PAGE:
Favorable Attributes of Alkali-Surfactant-Polymer Flooding
- Danhua Zhang | Shunhua Liu | Wei Yan | Maura Puerto | George J. Hirasaki (Rice University) | Clarence A. Miller (Rice University)
- Document ID
- Society of Petroleum Engineers
- SPE/DOE Symposium on Improved Oil Recovery, 22-26 April, Tulsa, Oklahoma, USA
- Publication Date
- Document Type
- Conference Paper
- 2006. Society of Petroleum Engineers
- 5.8.7 Carbonate Reservoir, 5.4.1 Waterflooding, 4.1.5 Processing Equipment, 2.5.2 Fracturing Materials (Fluids, Proppant), 4.3.4 Scale, 5.5.2 Core Analysis, 2.4.3 Sand/Solids Control, 5.3.2 Multiphase Flow, 5.4.7 Chemical Flooding Methods (e.g., Polymer, Solvent, Nitrogen, Immiscible CO2, Surfactant, Vapex), 5.2.1 Phase Behavior and PVT Measurements, 1.8 Formation Damage, 4.1.2 Separation and Treating
Particular attention was given to a surfactant blend of a propoxylated sulfate having a slightly branched C16-17 hydrocarbon chain and an internal olefin sulfonate. In contrast to alkyl/aryl sulfonates previously considered for EOR, alkaline solutions of this blend containing neither alcohol nor oil were single-phase micellar solutions at all salinities up to and even exceeding optimal salinity with representative oils. Phase behavior with a West Texas crude oil at ambient temperature in the absence of alcohol was unusual in that colloidal material, perhaps another microemulsion having a higher soap content, was dispersed in the lower phase microemulsion. Low interfacial tensions existed with the excess oil phase only when this material was present in sufficient amount in the spinning drop device. Overall solubilization of oil and brine for this system was high, leading to low interfacial tensions over a wide salinity range and to excellent oil recovery in both dolomite and silica sand packs. These experiments were performed with surfactant concentrations as low as 0.2 wt%. It was necessary that sufficient polymer be present to provide adequate mobility control and that salinity be below the value at which phase separation occurred in the polymer/surfactant solution.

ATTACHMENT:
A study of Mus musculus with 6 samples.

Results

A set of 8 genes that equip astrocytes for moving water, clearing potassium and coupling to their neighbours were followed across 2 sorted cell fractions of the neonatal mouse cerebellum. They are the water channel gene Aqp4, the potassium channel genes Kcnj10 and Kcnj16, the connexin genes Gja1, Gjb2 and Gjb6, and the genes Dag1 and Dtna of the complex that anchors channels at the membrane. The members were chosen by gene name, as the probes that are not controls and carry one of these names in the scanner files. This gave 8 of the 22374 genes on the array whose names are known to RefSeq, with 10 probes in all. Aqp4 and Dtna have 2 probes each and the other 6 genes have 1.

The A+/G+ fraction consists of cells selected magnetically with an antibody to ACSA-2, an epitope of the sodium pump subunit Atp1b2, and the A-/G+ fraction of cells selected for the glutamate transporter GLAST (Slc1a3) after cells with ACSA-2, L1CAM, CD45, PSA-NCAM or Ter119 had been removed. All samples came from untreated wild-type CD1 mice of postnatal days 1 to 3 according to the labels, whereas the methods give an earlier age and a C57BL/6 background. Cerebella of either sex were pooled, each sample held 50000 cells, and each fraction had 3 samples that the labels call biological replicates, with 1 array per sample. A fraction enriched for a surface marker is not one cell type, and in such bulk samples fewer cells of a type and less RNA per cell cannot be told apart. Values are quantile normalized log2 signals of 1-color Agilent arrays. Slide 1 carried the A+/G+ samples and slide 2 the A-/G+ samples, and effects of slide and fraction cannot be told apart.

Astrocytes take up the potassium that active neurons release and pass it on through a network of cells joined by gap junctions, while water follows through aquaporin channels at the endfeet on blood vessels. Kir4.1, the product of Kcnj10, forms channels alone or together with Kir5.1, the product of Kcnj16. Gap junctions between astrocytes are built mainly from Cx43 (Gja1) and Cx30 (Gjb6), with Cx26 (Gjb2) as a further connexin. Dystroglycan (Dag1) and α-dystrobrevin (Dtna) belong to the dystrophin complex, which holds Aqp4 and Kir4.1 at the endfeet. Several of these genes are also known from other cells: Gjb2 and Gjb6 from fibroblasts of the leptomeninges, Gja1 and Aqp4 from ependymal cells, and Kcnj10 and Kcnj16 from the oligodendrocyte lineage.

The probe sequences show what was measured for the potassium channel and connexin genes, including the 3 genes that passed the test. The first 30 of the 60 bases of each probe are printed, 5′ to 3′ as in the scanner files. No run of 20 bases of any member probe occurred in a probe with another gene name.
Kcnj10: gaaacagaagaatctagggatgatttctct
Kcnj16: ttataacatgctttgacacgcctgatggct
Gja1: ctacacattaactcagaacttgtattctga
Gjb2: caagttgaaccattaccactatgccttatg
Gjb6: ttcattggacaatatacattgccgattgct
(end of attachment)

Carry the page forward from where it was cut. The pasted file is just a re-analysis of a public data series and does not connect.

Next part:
A one-dimensional simulator was developed to model the process. By calculating transport of soap formed from the crude oil and injected surfactant separately, it showed that a gradient in local soap-to surfactant ratio develops during the process. This gradient increases robustness of the process in a manner similar to that of a salinity gradient in a conventional surfactant process. Predictions of the simulator were in excellent agreement with the sand pack results.
Although both injection of surfactants and injection of alkaline solutions to convert naturally occurring naphthenic acids in crude oils to soaps have long been suggested as methods to increase oil recovery, key concepts such as the need to achieve ultralow interfacial tensions and the means for doing so using microemulsions were not clarifed until a period of intensive research between about 1960 and 1985.[1-3] Most of the work during that period was directed toward developing micellar-polymer processes to recover residual oil from sandstone formations using anionic surfactants. However, Nelson et al. recognized that in most cases the soaps formed by injecting alkali would not be at the "optimal" conditions needed to achieve low tensions. They proposed that a relatively small amount of a suitable surfactant be injected with the alkali so that the surfactant/soap mixture would be optimal at reservoir conditions. With polymer added for mobility control the process would be an alkali-surfactant-polymer (ASP) flood. The use of alkali also reduces adsorption of anionic surfactants on sandstones because the high pH reverses the charge of the positively charged clay sites where adsorption occurs.
The initial portion of a Shell field test, which did not use polymer, demonstated that residual oil could be displaced by an alkaline/surfactant process. Several ASP field projects have been conducted with some success in recent years in the US.[6,7] Pilot ASP tests in China have recovered more than 20% OOIP in some cases, but the process has not yet been applied there on a large scale.